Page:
POSB personal data leak – There are consumer protection laws to protect information and data leaks and one would expect the bank to have top-notch systems to prevent the breach of data. It is one thing when the computer systems are hacked by a fourteen-year-old kid somewhere trying to hive off the information so that he can sell it in the black market. But, it is an entirely different proposition when the data is leaked because of the bank’s partnership programs.
Here we have a story of how an account holder was aghast to find out that his personal information was leaked to the PSssion ATM card that he had. It is a dicey issue, is he a customer of the Bank of PA? In either case, leaking information like that is not professional at all.
POSB STORY OF THE LEAK
A POSB account holder has criticized the bank for not seeking his consent to share his particulars with the People’s Association (PA), when he was sent a POSB-PAssion ATM card. The PA is a statutory board run by the Government.
In a forum letter published by TODAY on Thursday (4 July), the POSB account-holder Ng Gim Yeow asserted that POSB should have sought his consent to disclose data to the PA. He wrote: “Late last month, POSB sent me a new PAssion POSB debit card. I was glad that the bank did so on its own initiative, as my present automated-teller-machine (ATM) card expires in August.
“But when I got in touch with the bank, I was dismayed to learn that information, such as my employment status, yearly income range and housing type, would be disclosed to the People’s Association (PA). The card is a tie-up between POSB and PA.”
Mr. Ng said that he had been using a regular ATM card all this while and should not have assumed that the permissions he gave the bank several years ago continue under the new card. He also asked why POSB did not offer him the range of various cards it offers, so he could make his own informed decision.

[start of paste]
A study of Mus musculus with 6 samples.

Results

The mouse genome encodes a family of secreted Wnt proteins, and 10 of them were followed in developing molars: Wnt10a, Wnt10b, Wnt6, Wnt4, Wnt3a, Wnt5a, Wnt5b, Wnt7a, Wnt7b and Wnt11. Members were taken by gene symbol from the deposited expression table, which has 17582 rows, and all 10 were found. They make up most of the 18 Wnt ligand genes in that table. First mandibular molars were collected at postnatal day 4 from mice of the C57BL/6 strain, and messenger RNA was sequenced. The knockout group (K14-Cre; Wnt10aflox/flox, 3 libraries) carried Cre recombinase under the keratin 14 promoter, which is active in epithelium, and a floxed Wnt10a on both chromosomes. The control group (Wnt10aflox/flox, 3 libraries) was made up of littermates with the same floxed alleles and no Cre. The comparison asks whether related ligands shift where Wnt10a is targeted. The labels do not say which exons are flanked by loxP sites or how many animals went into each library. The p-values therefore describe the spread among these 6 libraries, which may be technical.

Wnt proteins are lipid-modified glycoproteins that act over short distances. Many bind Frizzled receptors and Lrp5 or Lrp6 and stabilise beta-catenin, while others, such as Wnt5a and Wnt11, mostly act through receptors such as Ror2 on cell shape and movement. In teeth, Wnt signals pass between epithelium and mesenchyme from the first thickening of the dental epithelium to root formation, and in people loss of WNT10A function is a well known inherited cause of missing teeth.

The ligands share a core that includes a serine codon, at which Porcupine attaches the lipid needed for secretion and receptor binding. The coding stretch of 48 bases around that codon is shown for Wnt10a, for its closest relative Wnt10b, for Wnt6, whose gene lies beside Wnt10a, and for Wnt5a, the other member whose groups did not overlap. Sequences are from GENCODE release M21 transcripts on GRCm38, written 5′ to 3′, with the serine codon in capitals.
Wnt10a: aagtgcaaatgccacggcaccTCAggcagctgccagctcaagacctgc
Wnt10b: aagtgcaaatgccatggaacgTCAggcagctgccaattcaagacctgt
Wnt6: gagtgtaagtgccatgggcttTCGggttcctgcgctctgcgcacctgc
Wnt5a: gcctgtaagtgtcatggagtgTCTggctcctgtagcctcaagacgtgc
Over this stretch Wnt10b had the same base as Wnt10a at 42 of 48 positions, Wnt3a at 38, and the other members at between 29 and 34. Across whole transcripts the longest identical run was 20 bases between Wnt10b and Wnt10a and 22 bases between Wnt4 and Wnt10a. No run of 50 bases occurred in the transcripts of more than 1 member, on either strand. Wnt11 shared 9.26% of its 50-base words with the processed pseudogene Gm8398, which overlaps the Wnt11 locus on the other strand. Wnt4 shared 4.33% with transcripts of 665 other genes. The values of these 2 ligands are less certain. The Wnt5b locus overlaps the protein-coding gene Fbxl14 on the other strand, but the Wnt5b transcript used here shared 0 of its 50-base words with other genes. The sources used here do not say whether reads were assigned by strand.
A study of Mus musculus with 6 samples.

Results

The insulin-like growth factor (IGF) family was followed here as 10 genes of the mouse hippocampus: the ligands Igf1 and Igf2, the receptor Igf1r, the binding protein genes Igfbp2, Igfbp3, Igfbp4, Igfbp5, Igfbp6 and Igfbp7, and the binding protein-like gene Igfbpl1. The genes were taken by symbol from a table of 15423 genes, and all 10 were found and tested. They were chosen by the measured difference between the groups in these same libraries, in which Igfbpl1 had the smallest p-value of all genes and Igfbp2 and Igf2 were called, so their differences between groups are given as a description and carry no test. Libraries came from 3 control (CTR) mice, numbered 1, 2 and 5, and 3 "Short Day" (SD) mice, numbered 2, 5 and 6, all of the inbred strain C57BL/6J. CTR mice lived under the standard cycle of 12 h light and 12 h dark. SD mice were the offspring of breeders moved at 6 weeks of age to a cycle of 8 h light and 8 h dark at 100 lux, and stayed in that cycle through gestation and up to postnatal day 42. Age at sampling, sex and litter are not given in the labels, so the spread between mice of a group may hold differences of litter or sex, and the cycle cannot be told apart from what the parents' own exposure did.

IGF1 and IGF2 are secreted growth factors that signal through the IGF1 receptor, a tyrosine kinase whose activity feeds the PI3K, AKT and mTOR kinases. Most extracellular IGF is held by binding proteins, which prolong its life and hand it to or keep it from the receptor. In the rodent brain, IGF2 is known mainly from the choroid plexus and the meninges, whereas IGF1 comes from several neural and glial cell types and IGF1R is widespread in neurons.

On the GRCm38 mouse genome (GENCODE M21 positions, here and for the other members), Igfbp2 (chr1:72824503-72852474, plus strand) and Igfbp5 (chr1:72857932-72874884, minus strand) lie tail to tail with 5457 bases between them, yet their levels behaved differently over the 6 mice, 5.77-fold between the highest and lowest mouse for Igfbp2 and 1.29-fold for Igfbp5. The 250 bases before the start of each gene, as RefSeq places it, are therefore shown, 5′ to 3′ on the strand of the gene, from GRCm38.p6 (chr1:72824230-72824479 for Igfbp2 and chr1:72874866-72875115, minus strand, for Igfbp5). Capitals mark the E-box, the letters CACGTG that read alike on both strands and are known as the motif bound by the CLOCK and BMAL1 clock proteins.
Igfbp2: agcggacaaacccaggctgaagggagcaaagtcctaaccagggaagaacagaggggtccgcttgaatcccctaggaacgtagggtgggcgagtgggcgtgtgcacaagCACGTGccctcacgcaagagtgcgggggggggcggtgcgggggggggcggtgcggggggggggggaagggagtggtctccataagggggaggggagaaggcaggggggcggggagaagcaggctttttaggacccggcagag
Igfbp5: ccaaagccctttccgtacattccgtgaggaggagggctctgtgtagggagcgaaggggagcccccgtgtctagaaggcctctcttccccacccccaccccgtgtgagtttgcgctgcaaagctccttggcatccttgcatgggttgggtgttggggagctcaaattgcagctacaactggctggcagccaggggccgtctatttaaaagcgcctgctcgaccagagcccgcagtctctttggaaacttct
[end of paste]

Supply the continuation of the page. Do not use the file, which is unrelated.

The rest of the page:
Mr. Ng added that POSB gave him “conflicting replies“ when he asked about exchanging the card for another that does not entail revealing data to the PA. POSB first told him that he could apply for another card online but Mr Ng had to visit a POSB branch since he could not select the option to exchange the card on the bank’s website.
At the crowded branch, Mr Ng decided to request a new card in writing given the long queue of customers ahead of him. The bank, however, responded to him the next day and said that “it could not accede to the request — contradicting an earlier response.” It told Mr. Ng to submit his request online.
Calling on the Monetary Authority of Singapore, Personal Data Protection Commission, and the PA to look into his data privacy concerns, Mr. Ng asserted: “I cannot see how POSB, which bills itself as “neighbors first, bankers second”, lives up to its name when it not only failed to seek my consent to disclose data to a third party but sent me on a wild goose chase.”
The Independent has contacted POSB for comment and will update this story when we receive a response. In an email response we received on Saturday, the bank said that they will clarify the matter in full Monday (8 July.)